Notes from the Field

From Mongolia: International Recognition for Writers

June 4, 2008

It’s happening slowly, but it’s happening: Mongolian writers are taking steps toward forming a branch of International PEN (Poets, Playwrights, Essayists, and Novelists). International PEN, the only international organization of writers, is dedicated to literary fellowship and freedom of expression around the world. It was founded in 1921 by Mrs. C.A. Dawson Scott, a Cornish novelist, based on her conviction that “if the writers of the world could learn to stretch out their hands to each other, the nations of the world could learn in time to do the same.”Today PEN has over 140 Centers in about 100 countries, but Mongolia, a place where schoolchildren memorize poems and the Mongolian Writers’ Union has around 700 registered members, does not yet have a PEN center of its own. Without a PEN center, Mongolia cannot send representatives to the annual PEN World Conference, participate in any PEN programming and fellowship activities, or link in to a sound and talented network of literary translators that would help put Mongolia on the world’s literary map.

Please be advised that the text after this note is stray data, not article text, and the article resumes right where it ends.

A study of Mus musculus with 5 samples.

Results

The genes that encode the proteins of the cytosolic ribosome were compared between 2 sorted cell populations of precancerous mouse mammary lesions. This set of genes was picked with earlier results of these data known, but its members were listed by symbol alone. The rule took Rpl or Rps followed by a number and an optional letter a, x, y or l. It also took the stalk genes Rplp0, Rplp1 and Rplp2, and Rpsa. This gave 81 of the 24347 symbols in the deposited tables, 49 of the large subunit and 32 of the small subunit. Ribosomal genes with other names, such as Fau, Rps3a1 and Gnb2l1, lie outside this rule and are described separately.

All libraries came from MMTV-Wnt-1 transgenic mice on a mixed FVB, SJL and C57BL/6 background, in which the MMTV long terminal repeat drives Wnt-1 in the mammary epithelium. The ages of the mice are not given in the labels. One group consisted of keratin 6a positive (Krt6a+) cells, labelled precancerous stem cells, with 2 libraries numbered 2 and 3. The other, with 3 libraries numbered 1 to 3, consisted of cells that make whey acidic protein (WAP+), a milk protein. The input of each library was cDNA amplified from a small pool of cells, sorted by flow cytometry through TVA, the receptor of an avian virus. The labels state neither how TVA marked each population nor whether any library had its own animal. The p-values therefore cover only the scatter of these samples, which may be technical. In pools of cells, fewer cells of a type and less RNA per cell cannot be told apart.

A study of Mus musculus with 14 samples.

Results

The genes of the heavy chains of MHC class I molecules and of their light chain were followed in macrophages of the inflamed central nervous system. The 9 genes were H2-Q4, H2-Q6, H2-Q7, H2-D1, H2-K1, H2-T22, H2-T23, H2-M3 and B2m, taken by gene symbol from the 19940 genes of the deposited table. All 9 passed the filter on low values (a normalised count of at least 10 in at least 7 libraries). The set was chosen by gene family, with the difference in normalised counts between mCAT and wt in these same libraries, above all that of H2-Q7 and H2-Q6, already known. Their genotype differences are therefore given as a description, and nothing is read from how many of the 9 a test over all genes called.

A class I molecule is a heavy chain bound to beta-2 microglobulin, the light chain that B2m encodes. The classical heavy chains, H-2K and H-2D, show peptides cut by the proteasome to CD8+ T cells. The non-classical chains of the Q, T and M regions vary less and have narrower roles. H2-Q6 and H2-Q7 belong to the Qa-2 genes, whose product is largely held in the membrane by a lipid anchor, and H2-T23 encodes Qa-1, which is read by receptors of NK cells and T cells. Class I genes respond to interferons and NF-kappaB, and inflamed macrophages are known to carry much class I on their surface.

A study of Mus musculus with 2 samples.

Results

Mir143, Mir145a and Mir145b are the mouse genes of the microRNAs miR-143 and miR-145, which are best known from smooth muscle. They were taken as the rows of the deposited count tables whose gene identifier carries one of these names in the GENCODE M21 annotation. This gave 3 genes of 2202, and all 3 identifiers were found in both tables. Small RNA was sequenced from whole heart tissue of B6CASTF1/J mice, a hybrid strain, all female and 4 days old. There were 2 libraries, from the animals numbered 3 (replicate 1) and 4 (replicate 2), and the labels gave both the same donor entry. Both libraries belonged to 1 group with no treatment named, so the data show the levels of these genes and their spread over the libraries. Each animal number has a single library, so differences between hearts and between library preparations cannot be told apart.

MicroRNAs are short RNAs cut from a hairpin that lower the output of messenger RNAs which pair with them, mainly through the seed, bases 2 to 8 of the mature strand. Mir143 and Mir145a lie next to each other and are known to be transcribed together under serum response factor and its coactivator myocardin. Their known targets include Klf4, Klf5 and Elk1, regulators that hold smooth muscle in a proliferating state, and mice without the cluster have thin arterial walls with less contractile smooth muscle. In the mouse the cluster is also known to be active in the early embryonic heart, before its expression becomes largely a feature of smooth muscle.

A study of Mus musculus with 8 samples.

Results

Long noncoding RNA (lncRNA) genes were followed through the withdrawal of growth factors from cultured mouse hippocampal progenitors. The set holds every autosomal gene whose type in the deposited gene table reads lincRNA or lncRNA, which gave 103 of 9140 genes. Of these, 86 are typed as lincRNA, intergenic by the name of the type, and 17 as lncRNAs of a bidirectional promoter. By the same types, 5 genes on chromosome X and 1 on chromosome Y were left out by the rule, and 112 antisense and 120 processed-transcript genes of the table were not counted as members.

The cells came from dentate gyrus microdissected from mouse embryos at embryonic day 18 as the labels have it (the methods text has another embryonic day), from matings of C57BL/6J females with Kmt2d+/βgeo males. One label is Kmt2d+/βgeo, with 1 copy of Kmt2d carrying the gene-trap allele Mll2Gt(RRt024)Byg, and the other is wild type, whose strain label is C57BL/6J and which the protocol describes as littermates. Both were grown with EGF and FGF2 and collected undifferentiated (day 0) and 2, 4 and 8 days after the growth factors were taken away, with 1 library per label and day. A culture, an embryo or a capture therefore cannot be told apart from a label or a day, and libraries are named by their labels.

Since arriving in Mongolia last fall to spend a year working with Mongolia’s writers, it has been my goal to inform, encourage, and include Mongolian writers and literature in the PEN International family. Each literary figure I have met and asked to help bring a PEN center to life wants to know who would head up this “PEN club”. Mongolian writers traditionally don’t work with people from different literary interest groups than their own, and this is largely why there is not yet a Mongolian PEN center.

It’s getting there, though: on December 5th, 2007, some of the country’s most distinguished writers met and the required 20 signed PEN International’s Charter, which constituted the first step towards the formation of an official branch of PEN in Mongolia. The meeting made the international news wire, and started a conversation that continued this spring at the release of the English translation of “Dog of Heaven,” Mongolian National Library Director Hatagin Akim’s book of wolf legends and traditional folklore. As Bill Infante, The Asia Foundation’s Mongolia’s Country Representative, explained to the packed lecture hall, the book constitutes an example of the kind of cultural exchange the literary community hopes to have with Mongolia once its writers and literature are on the PEN International radar and thereby on the worldwide literary map.